Still, Silverman and Shirky both consider the question of a site’s credibility to be an audience decision, not an editorial one. Blue takes a more rigid approach, choosing to hold all blogs written for the public to the highest journalistic standards. “I really believe in the concept of a permanent history and keeping a journal that is an accurate telling of history,” she says. “My site is a personal site, but it’s something in the public sphere, something of permanent record.” Blue is quick to say that many of her posts reflect personal opinions that have changed over time. She claims never to have deleted a post—even the ones she posted while drunk.

Moving forward, Boing Boing’s editors promise to involve readers in the archiving practices of the site. Shirky, who is one of those readers, offers this: “I think it would have been optimal if whatever problem the editors had with Violet Blue had led to an editor’s note, a strike-through, or just a sense that ‘we stopped posting her stuff a year ago,’ that she’s persona non grata, and simply letting the other stuff go.”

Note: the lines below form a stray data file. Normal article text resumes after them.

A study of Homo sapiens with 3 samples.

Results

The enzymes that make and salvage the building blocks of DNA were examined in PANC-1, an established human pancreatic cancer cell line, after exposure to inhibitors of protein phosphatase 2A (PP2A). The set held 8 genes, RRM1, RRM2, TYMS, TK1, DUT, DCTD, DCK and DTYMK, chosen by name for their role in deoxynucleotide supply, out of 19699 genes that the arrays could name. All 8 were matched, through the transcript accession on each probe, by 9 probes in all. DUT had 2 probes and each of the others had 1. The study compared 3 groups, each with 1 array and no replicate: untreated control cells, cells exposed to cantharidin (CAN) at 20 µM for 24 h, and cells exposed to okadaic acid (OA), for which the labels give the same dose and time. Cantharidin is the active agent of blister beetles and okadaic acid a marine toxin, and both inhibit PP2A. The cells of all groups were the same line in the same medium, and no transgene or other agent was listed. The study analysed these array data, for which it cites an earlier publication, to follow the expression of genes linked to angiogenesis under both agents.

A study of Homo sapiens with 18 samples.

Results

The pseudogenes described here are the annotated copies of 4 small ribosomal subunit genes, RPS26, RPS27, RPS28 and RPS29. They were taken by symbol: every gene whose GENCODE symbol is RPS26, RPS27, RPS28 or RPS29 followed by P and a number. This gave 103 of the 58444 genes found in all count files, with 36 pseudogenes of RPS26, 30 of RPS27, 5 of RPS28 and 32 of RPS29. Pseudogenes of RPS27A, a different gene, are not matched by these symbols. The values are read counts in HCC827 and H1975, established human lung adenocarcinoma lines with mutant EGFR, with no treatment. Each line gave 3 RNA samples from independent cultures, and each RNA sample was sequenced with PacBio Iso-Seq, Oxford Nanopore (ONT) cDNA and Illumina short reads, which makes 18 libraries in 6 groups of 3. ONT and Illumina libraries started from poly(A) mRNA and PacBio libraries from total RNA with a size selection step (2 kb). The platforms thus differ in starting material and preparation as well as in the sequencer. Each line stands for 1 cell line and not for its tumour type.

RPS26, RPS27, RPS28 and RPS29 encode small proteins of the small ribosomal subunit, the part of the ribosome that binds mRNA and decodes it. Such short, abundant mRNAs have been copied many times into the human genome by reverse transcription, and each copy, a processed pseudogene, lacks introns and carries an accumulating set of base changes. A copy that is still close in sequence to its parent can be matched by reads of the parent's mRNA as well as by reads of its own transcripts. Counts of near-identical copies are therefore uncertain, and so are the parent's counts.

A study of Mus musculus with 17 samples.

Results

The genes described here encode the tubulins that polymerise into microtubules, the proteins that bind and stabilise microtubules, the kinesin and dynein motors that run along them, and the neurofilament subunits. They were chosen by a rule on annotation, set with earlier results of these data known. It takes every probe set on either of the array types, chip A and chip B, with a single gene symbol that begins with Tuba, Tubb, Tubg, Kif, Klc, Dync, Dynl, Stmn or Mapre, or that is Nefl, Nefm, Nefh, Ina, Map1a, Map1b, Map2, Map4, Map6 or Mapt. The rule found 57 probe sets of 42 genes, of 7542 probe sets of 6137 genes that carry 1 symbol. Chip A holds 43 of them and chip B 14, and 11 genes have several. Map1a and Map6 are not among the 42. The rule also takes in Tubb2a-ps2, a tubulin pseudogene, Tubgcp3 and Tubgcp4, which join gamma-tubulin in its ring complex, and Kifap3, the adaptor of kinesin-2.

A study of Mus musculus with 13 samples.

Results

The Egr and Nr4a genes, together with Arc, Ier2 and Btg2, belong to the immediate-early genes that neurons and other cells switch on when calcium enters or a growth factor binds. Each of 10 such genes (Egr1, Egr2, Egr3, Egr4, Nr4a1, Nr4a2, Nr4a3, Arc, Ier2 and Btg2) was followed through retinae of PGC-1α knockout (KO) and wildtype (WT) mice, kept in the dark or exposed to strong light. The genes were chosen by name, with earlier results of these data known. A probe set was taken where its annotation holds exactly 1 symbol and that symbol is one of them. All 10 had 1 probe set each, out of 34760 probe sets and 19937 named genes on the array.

Silverman hopes that Boing Boing begins to conform to the standard blogging practice of noting how and when a post is updated. And the Boing Boing commenters continue to wage a major debate on new media archival ethics.

“I’m not quite ready to say that I’m glad this took place, but it raised these questions that are fundamentally new questions,” said co-editor Pescovitz. “I’m glad that the discussion is happening on our site.”

Joe Uchill is a freelance writer based in Chicago.